We all have that memory of when we saw that first “dream item” in a magazine or a photo. We bet you can remember the first time you saw your dream car in a magazine. It looked gorgeous, right? You really wanted it, right? As a society, we have developed our visual senses to become the primary way we judge whether something is pleasant or unpleasant first.
With the advent of social media, sources like Twitter, Instagram and Facebook have taken the role of quick and easy advertising that printed magazines used to hold. In many cases, the clientele you wish to have may judge whether or not they want to come to you based solely on a picture of your food on a social media post.
Having great photos of your food is important. People eat with their eyes and if they have never experienced a product in person, this could be all they have. Photos of your food can be used in signage, advertisements, menus, social media, articles etc.. Making sure you have viable product pictures is just another step in being a success.
Here are some good tips and important things to remember when it comes to getting professional and inviting pictures of your product:
Pick what you want to showcase. Everyone knows you are probably going to sell pepperoni pizza. If you have a unique product that no one else has, use that as the star. Your food signature food is the representation of yourself. If you have a star dish, let it shine!
Less is more. Focus on one product at a time, keep it simple and small. Don’t make the shot too busy. Showing your whole menu in one shot may not allow your viewer a chance to see the single item that you want them to order.
THIS ISN’T A STUDIO SESSION
There are many objects that require multiple fancy light sources and angles and food usually isn’t one of them. Typically one light source is all that’s needed and natural light tends to work best. If you can take the picture outdoors, even the better!
Take lots of pics. Arrange everything the way you think it will be good in your mind and take as many shots as you think you will need. Then take a break and come back and do that many again. There’s no such thing as wasting film anymore.
THE DUMMY SHOT vs. THE HOT SHOT
A pro tip is to set up your shot with “dummy food”. Set up the shot with whatever product you’re going to use and get everything just right. Then get a fresh hot one from the oven and replace the dummy. Hot food photographs best when it is hot.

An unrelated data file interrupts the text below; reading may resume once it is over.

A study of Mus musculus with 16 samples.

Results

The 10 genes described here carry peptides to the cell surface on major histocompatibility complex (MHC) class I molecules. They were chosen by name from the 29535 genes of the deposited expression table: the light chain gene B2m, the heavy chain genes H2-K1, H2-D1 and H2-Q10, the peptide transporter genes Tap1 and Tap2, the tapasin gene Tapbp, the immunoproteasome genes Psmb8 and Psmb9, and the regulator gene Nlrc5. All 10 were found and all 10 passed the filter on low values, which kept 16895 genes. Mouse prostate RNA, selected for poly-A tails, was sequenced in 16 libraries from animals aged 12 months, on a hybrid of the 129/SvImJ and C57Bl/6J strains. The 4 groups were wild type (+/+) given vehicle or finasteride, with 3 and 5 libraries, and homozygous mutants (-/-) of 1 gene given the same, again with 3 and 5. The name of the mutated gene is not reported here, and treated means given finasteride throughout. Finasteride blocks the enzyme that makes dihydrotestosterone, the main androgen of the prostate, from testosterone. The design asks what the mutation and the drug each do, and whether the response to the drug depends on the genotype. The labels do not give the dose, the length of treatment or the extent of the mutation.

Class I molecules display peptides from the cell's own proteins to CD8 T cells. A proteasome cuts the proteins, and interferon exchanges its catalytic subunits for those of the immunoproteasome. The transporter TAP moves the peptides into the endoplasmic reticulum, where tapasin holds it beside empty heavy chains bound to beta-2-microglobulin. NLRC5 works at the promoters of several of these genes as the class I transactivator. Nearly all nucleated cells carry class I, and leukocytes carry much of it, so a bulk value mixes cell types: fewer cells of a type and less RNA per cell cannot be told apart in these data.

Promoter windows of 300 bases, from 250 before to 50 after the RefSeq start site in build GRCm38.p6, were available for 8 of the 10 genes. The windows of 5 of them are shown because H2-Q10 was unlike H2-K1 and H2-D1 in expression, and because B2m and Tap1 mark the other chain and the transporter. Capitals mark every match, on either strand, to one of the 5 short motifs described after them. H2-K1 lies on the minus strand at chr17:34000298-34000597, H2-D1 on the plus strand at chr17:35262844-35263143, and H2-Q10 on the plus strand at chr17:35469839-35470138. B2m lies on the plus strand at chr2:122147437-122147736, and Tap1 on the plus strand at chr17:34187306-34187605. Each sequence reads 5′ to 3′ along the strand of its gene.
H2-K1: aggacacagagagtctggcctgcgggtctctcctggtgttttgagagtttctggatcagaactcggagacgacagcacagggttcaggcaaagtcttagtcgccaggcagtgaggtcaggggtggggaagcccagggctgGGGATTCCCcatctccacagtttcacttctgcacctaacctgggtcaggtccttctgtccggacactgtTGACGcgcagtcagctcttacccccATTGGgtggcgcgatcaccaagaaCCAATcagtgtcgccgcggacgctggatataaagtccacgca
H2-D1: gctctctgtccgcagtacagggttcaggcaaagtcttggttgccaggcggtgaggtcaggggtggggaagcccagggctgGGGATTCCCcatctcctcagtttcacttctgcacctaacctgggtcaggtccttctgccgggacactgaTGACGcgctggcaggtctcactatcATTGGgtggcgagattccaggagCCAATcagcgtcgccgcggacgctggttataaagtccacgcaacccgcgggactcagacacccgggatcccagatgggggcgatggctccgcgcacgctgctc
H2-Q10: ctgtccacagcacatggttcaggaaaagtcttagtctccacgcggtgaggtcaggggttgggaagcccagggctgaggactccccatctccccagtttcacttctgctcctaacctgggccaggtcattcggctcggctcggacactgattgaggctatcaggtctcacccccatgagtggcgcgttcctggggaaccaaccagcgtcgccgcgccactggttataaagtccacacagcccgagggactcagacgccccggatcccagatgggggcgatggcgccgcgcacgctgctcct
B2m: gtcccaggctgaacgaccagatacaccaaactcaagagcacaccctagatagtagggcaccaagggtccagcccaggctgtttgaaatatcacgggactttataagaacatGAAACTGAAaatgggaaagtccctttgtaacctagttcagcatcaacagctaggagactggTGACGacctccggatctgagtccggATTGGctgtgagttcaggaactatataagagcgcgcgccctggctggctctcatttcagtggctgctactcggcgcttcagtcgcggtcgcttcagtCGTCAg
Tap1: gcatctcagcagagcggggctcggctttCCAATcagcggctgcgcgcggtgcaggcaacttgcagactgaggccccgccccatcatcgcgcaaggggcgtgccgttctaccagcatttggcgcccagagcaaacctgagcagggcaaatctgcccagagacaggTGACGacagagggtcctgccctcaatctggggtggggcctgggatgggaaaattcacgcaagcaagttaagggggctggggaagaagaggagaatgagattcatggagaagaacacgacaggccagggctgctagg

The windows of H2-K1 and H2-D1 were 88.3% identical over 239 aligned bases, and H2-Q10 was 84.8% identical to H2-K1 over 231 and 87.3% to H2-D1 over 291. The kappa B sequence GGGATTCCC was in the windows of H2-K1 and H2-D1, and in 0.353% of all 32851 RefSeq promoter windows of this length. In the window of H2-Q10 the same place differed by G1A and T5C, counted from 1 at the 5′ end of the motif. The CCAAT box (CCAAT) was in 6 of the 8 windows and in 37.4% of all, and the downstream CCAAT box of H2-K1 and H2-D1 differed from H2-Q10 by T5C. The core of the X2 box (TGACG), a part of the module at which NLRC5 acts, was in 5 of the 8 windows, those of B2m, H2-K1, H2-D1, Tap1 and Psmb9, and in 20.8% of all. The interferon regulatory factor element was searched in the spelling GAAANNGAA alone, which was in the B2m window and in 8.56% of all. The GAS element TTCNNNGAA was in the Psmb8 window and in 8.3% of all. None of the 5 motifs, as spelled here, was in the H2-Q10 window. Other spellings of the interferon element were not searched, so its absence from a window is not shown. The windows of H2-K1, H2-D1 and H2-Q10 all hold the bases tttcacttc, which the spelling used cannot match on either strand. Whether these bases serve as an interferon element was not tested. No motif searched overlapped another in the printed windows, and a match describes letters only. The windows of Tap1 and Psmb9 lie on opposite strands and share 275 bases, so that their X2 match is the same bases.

Another pro tip is that food that tastes good doesn’t always look good. A white clam pizza may be delicious (trust us) but it’s not going to make for the best photo. In this case, it is possible to deconstruct the dish and take a photo showcasing the individual ingredients and products that go into it. A grouping of fresh clams on a bed of arugula next to a bulb of garlic and a ball of fresh dough sprinkled in flour would get the idea of what is on the pizza and look more attractive than the pizza itself.
WHAT’S BACK THERE?
Vary the background. Many items you may have on your oven, trailer or prep area can be used as backgrounds. Wood chopping blocks, old seasoned pizza peels, stainless steel counters or even the flames from the oven can be great backgrounds.
You have to remember that one of the main goals for you is to be profitable. After you take all of your pictures, editing the finer points of the photos in Photoshop or Adobe Lightroom is part of your marketing strategy. The better your photo looks, the more likely someone will want to visit you and make purchases.
In the end, you may not have the wherewithal to take these pictures. Maybe you don’t have the latest camera or your smartphone isn’t “smart” enough to take professional-style photos. One of the best ways to get good photos is to hire someone else to do it. This can be expensive if they are a professional, but the results could be worth it. However, you are also putting the creative aspect into someone else’s hands. You may want to look to friends and relatives who have experience in this area and pay them in pizza to save a few bucks.
If you are interested in a good jumping off point in food photography, Nicolas Doretti has some extra tips for beginners and advanced photographers here.